As we go into the Christmas break, the big news is that the provincial government has announced the creation of the biggest public infrastructure project in British Columbia history: the Site C dam.
Before we go further, let me be clear: what I am about to say is not an argument for or against the building of this or any other project. It’s simply an observation about the narratives surrounding the decision to build it.
The government says the dam is a necessary investment to provide clean, reliable power for the province. Opponents, who include residents whose homes will be lost and First Nations whose traditional territory will be flooded, say the loss of land is too great and alternatives should be investigated.
In counter to these arguments, supporters of the project point to the importance of “vision” from leaders, and the “visionaries” of the past who took on similarly large projects. The case study in visionary leaders is W.A.C Bennett, the B.C. premier responsible for the damming of other rivers back in the mid-twentieth century. Writing in support of Site C, former MLA Kevin Falcon opens with a quote from the Lieutenant-Governor at the opening of the W.A.C. Bennet dam:
“It may be apparent to everyone that harnessing of the Peace River promises great benefits for the people of British Columbia, but this was not always so. There were some who expressed concern when the project was launched. Despite this criticism, one man stood above all others in his faith in the future of the province.”
There is a distinct sense of nostalgia in much of the talk around Bennett’s time: a time, presumably, when leaders got things done instead of having to wring their hands over opposition. Over in the Globe and Mail, Gary Mason characterizes this version of the past thusly:
“Building dams in B.C. used to be a relatively straight-forward procedure. Governments did not need to worry about constitutional challenges to their authority. Or spend years trying to broker deals that would make those affected by the project happy.
“It was an era that some recall fondly as the good old days.”
But this is only one version of history. The mid-twentieth century wasn’t the good old days for everyone. Yes, government could build major projects without court fights, but that’s because the 1940s and 50s was a time when the notion of First Nations rights were all but non-existent. It was a time when over 1,000 children were starved in residential schools for the sake of “science”.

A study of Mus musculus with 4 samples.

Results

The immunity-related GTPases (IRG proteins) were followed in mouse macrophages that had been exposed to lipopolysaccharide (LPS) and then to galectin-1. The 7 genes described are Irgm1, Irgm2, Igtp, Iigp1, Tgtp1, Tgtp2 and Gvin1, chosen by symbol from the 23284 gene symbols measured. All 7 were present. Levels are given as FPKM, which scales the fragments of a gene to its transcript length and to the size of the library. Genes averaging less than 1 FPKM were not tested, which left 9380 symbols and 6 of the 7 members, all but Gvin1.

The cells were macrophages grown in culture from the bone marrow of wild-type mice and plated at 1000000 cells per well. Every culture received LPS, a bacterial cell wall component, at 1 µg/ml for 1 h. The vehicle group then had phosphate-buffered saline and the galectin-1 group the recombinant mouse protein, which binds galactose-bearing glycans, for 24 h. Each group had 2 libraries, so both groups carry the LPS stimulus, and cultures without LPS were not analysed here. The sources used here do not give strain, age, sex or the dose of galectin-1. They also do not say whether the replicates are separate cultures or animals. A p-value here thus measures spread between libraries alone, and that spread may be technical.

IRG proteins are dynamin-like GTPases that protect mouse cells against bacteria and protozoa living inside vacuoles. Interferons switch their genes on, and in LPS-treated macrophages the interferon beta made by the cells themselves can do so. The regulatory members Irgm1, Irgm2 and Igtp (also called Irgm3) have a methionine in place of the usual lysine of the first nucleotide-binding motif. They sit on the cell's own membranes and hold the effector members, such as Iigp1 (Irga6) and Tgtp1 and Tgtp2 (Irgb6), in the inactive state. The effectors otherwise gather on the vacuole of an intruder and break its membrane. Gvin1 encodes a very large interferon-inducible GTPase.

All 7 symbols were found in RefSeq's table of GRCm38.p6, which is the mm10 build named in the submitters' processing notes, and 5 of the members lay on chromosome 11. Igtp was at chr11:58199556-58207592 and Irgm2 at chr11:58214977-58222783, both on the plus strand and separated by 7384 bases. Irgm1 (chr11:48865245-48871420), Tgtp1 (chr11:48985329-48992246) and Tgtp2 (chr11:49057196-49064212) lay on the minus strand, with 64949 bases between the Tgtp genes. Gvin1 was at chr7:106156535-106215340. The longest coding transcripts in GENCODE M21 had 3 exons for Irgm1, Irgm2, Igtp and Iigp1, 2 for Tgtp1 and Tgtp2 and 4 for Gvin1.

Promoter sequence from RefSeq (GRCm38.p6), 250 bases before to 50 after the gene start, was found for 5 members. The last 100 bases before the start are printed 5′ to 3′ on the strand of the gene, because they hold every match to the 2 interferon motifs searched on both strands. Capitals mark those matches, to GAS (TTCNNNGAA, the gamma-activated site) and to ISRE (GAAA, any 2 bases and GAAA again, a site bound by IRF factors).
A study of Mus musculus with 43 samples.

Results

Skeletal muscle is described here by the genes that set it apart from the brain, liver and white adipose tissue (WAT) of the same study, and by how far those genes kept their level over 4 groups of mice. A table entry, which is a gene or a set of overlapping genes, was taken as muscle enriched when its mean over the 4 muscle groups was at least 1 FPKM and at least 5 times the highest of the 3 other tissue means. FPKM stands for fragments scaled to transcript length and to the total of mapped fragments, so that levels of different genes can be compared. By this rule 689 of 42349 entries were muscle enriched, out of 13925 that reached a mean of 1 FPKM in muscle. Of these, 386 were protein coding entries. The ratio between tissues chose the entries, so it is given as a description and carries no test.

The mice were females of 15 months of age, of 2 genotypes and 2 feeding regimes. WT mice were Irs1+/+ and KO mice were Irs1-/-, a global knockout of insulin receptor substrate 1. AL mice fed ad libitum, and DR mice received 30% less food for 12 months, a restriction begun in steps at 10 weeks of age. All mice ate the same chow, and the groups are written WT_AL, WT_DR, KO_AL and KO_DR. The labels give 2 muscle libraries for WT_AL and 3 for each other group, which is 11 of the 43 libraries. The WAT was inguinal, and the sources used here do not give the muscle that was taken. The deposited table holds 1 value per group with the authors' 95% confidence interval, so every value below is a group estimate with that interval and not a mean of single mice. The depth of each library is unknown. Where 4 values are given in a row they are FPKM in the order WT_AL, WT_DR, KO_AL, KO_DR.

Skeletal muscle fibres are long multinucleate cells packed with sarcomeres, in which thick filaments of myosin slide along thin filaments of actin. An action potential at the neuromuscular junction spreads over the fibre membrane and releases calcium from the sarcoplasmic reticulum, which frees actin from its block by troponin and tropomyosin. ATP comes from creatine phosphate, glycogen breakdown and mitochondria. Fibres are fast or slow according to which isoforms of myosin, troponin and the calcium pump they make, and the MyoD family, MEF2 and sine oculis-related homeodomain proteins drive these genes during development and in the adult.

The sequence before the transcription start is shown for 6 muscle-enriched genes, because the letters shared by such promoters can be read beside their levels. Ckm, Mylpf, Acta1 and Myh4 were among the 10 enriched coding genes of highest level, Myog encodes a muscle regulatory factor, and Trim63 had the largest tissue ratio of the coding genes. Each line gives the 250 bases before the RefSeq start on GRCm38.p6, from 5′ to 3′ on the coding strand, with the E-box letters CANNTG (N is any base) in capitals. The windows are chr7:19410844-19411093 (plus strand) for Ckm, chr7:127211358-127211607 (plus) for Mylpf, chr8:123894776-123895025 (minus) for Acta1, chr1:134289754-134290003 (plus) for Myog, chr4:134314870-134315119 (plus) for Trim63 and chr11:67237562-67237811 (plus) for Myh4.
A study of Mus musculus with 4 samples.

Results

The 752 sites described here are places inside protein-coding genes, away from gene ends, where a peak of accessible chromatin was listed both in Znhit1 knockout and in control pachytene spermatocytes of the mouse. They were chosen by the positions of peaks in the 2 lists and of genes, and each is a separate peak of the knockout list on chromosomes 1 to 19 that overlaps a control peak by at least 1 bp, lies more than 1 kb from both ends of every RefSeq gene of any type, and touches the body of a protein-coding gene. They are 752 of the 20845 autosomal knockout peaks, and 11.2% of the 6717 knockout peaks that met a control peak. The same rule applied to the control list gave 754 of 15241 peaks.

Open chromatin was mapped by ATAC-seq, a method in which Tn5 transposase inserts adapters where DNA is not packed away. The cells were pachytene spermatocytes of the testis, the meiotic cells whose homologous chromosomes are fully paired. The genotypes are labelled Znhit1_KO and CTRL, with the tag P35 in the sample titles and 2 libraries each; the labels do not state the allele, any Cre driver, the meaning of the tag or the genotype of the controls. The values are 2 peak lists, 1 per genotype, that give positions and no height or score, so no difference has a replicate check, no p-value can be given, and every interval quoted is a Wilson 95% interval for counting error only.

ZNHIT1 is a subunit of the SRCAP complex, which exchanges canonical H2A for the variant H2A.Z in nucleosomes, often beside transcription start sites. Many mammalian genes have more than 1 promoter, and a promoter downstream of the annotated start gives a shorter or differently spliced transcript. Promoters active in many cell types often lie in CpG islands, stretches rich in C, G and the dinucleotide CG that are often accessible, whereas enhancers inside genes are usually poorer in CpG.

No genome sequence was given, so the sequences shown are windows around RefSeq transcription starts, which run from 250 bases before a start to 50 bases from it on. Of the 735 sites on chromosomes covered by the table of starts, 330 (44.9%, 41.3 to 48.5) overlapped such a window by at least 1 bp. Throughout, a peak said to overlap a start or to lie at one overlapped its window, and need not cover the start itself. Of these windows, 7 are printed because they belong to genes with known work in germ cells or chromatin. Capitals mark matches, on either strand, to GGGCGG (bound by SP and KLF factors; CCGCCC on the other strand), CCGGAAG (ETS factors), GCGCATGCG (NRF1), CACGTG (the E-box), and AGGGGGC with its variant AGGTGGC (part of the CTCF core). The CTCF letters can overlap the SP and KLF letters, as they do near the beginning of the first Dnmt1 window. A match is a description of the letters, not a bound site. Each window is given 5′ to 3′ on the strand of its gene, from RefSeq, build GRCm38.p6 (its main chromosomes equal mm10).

So noticeably absent from the talk of Bennett’s visionary dams are things like the forced relocation of the Tsay Keh Dene First Nation, who lost their homes and way of life and were moved to an isolated reserve and only recently received any form of compensation.
Here’s the story of another dam built in the “good old days“:
“When the Kenney Dam opened in 1954, it turned the Nechako River into an enormous reservoir, flooding a significant part of the Dakelh territories. The Cheslatta people were displaced ‘with little or no warning, [they were] forced to flee the rising waters and watch[ed] as their community’s hunting grounds, trap lines, and burial sites disappear[ed].’
This is not the distant past. Remains from the burial ground still occasionally wash up in these waters, an ongoing reminder of the utter lack of respect and attention given to an entire community of people whose existence is an inconvenient footnote in the visionary, province-building narrative of the past.
Look, it’s complicated. I recognize that British Columbia as we know it may not exist without these projects, that we all use energy produced by these projects, and that we need energy to come from somewhere in the future. Some people say a new dam is necessary, others don’t. That’s not what this post is about.
My point is this: in having these discussions, it’s important to remember the past is not as clean as the simplified “grand vision” narrative would have you believe. It’s messy and uncomfortable. There were very real negative consequences for real people, and just as the energy from these dams is still flowing, so too is economic and social fallout for the people they displaced. The legacy cuts both ways. And we need to look at history holistically- the good and the bad- when using its example to make plans for the future.